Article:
When it comes to a new home or new place of business, comfort is every bit as important as beauty. Because your air conditioning and heating systems are essentially "hidden" features, they are an easy place for your contractor to cut corners. Generally, to keep initial costs low, a contractor will select the lowest bid on a cooling and heating system. But if the lowest bid means a poorly done installation, it can cost you, the building owner, more money in the long run. Of course, selecting a more expensive air conditioning and heating contractor is no guarantee of quality workmanship and equipment. Even some of the more expensive contractors will skimp on materials and take short cuts in order to increase their profit margin. Below is a list of potential problems that can accompany a poorly done installation.
Selecting a Contractor
For the protection of you and your home or place of business, make sure that the person or company installing your heating and cooling systems is state licensed and is fully insured.
Common Installation Problems
- High noise levels from inferior equipment.
- Mismatched or improperly sized equipment which can affect your comfort, not to mention your utility bills.
- Improperly sized duct work resulting in inadequate or noisy airflow.
- Undersized return air duct(s) which can impede efficiency and overwork your compressor.
- Duct work which has not been properly secured and which may eventually pull free resulting in the heating and cooling of un-conditioned space instead of your home or place of business.
- Condensate drains which have not been placed and installed according to the mechanical code.
- Registers which are not adjustable or which are incorrectly sized resulting in inadequate air flow to individual rooms.
- Improperly installed drain lines resulting in water leaks in your ceiling and/or walls.
- Improper sealing of ducts, registers, plenums and equipment which can cost you money throughout the year.
Things You or Your Contractor Should Insist On
1. Before selecting cooling and heating equipment, the contractor should perform a load calculation on your structure. Ask the contractor to show you the calculation and its results.
2. Equipment should be sized according to the load calculation. Undersized equipment will not be able to provide sufficient cooling or heating to keep you comfortable. It will run more than necessary, which means higher energy bills and possibly a shorter life span for its overworked compressor. Cooling equipment which is too large will successfully cool the air, but it will not operate long enough to dehumidify the air.
3. Duct size should be based on the load calculation of the individual rooms. Each room will need a different amount of air flow to maintain a comfortable temperature.
4. Likewise, the supply registers (the vents through which air conditioned and heated air flow) should be correctly sized and placed in each room. The size and placement is determined by the load calculation and the design of the room.
5. Registers should be adjustable; controlling the amount of air flow to individual rooms. (For example, you can close or partially close a damper to a guest room when it is not in use). Some contractors install cheap fixed flow registers, which are not adjustable.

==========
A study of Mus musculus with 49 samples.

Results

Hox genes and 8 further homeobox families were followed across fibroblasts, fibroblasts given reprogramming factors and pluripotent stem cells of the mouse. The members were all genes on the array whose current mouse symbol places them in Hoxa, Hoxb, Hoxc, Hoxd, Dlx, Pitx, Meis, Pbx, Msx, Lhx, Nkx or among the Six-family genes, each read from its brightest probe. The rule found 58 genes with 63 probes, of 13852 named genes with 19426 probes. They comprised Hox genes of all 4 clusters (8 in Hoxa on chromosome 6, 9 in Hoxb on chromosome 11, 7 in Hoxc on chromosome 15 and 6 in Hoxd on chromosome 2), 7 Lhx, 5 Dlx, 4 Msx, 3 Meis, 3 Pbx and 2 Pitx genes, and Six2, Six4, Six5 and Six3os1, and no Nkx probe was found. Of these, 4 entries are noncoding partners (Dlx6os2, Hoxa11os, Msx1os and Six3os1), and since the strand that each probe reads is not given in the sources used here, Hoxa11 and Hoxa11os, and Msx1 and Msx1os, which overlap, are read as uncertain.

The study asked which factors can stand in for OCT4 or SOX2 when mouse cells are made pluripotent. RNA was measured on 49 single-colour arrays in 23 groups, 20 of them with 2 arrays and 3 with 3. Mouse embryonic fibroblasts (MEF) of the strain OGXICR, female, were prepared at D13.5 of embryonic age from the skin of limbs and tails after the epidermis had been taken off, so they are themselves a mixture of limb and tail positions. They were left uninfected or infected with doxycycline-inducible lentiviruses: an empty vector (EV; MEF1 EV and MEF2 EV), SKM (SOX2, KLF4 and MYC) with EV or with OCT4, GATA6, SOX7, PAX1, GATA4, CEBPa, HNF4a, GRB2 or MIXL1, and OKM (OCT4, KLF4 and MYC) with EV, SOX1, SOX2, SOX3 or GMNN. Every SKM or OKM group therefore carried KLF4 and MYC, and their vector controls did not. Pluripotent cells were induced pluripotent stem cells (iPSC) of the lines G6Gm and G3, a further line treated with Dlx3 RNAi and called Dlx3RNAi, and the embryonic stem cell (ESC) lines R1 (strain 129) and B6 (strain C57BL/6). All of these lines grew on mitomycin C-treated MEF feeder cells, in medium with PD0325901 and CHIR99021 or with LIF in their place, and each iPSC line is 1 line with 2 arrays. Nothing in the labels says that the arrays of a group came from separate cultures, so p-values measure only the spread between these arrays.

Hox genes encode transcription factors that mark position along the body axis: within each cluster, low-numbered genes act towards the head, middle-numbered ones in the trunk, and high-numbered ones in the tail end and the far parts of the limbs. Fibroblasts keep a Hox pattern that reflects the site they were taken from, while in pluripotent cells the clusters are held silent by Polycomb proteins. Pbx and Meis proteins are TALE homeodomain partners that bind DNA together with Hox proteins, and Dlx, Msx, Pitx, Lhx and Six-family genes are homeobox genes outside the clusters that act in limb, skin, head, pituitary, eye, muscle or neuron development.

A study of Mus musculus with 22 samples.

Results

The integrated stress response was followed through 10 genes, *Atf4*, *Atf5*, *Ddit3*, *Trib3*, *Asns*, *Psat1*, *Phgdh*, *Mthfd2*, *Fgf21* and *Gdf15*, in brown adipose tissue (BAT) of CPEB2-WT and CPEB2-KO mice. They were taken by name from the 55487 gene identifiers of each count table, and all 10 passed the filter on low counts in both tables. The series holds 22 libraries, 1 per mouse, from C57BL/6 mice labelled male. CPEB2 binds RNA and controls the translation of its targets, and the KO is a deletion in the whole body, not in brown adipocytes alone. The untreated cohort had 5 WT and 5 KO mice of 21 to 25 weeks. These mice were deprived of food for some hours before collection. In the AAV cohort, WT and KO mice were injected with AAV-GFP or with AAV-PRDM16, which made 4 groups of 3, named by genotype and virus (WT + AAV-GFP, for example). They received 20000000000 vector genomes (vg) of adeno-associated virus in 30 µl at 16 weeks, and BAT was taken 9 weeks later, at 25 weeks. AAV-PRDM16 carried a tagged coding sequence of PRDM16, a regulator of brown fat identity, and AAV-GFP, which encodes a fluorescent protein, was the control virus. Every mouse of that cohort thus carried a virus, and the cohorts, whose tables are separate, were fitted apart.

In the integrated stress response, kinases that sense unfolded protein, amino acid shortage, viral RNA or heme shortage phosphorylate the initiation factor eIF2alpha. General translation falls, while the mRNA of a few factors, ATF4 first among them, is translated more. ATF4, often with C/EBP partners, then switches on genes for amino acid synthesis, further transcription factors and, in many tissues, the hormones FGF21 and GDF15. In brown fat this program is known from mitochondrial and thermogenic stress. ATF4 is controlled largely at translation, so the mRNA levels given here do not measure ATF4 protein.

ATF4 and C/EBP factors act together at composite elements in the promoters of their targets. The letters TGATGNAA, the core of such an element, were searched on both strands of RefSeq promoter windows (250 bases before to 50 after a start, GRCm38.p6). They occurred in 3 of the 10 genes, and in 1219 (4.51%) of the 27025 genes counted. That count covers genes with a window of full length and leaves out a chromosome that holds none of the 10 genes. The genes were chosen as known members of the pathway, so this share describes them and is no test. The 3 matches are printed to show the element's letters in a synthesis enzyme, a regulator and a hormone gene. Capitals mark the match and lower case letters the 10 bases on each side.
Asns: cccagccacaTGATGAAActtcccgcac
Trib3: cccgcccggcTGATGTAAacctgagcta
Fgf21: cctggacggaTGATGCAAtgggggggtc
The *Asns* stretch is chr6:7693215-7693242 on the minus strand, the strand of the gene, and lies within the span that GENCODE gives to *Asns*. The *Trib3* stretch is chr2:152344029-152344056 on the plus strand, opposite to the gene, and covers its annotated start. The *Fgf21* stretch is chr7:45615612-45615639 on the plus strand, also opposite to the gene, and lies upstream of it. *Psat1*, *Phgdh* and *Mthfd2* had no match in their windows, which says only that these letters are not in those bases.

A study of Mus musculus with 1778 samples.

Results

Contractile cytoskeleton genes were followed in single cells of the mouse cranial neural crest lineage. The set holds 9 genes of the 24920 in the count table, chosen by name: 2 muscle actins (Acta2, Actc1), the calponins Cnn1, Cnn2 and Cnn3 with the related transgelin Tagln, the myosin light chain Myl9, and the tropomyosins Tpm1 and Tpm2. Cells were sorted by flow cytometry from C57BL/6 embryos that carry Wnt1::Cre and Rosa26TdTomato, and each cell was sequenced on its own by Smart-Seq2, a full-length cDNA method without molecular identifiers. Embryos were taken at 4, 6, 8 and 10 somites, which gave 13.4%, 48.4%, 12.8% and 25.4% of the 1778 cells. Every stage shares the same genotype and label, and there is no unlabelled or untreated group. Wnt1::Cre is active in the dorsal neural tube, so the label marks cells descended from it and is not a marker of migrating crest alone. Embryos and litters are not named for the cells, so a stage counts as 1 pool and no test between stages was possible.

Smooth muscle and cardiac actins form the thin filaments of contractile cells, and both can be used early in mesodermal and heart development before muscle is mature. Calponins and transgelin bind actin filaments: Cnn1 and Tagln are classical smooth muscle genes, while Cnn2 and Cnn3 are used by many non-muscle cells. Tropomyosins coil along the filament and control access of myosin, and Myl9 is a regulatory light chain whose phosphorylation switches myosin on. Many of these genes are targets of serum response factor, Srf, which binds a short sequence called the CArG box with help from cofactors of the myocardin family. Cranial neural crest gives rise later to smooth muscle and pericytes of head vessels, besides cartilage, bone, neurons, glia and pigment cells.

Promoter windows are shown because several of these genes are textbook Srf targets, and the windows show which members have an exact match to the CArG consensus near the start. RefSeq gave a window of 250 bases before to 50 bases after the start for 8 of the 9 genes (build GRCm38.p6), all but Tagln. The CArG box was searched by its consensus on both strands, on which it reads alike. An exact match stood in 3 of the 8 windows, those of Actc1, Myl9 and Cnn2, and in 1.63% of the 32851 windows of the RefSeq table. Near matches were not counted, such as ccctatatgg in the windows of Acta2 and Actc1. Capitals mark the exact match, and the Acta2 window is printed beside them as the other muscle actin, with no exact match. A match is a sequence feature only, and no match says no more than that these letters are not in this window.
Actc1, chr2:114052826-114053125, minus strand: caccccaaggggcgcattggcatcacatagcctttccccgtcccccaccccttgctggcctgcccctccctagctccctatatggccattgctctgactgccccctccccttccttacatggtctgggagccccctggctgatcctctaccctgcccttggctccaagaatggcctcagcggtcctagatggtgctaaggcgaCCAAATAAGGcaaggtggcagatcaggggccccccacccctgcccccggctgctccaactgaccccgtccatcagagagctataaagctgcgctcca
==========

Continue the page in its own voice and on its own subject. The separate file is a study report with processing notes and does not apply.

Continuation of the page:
6. Each home should have a main duct (or trunk) that extends from the plenum of the unit (the sealed chamber of the air handler) through most of the length of the house. Some homes may require more than one trunk. Some contractors save money by doing an "octopus run" with the duct work, rather than using main trunk ducting. This means that all the duct is connected to a large box and allows you very little control over airflow.
7. The size, placement, and number of return air (grills and ducts) should be efficiently designed. If there is not a sufficient flow of return air, your system may become starved for air and your compressor will cycle on and off more frequently. This may damage or destroy your compressor.
8. The drainage system should include an emergency drain pan if it is above a ceiling. If the primary drain pan becomes clogged, the emergency pan will help protect your ceilings and walls from water damage.
9. The entire cooling and heating system should be sealed properly to prevent any leaks that could cost you money. Properly sealing the system costs a little more in time and in materials initially, but it can save you a great deal of money in the long run.
Ask About Warranties and Service Hours
Be sure to ask as well about warranties on labor and parts. Is there a service technician available 7 days a week, 24 hours a day? If your cooling or heating system shuts off or starts leaking water through your ceiling on a Friday night, you won't want to wait until Monday morning for service.
When in Doubt, Ask for References
Don't hesitate to ask for references. If possible get references from the occupants of homes for which the contractor has done installations. Did the homeowner have any problems with the heating or cooling systems after they were installed? If so, what types of problems did he have and how long did he have to wait for service? If applicable, has the contractor honored the warranties? Builders who have used a given contractor may not be aware of installation problems as their staff will generally refer the homeowners directly to the contractor if and when problems arise.
You may also wish to check with your local Better Business Bureau to see whether any complaints have been filed against the contractor.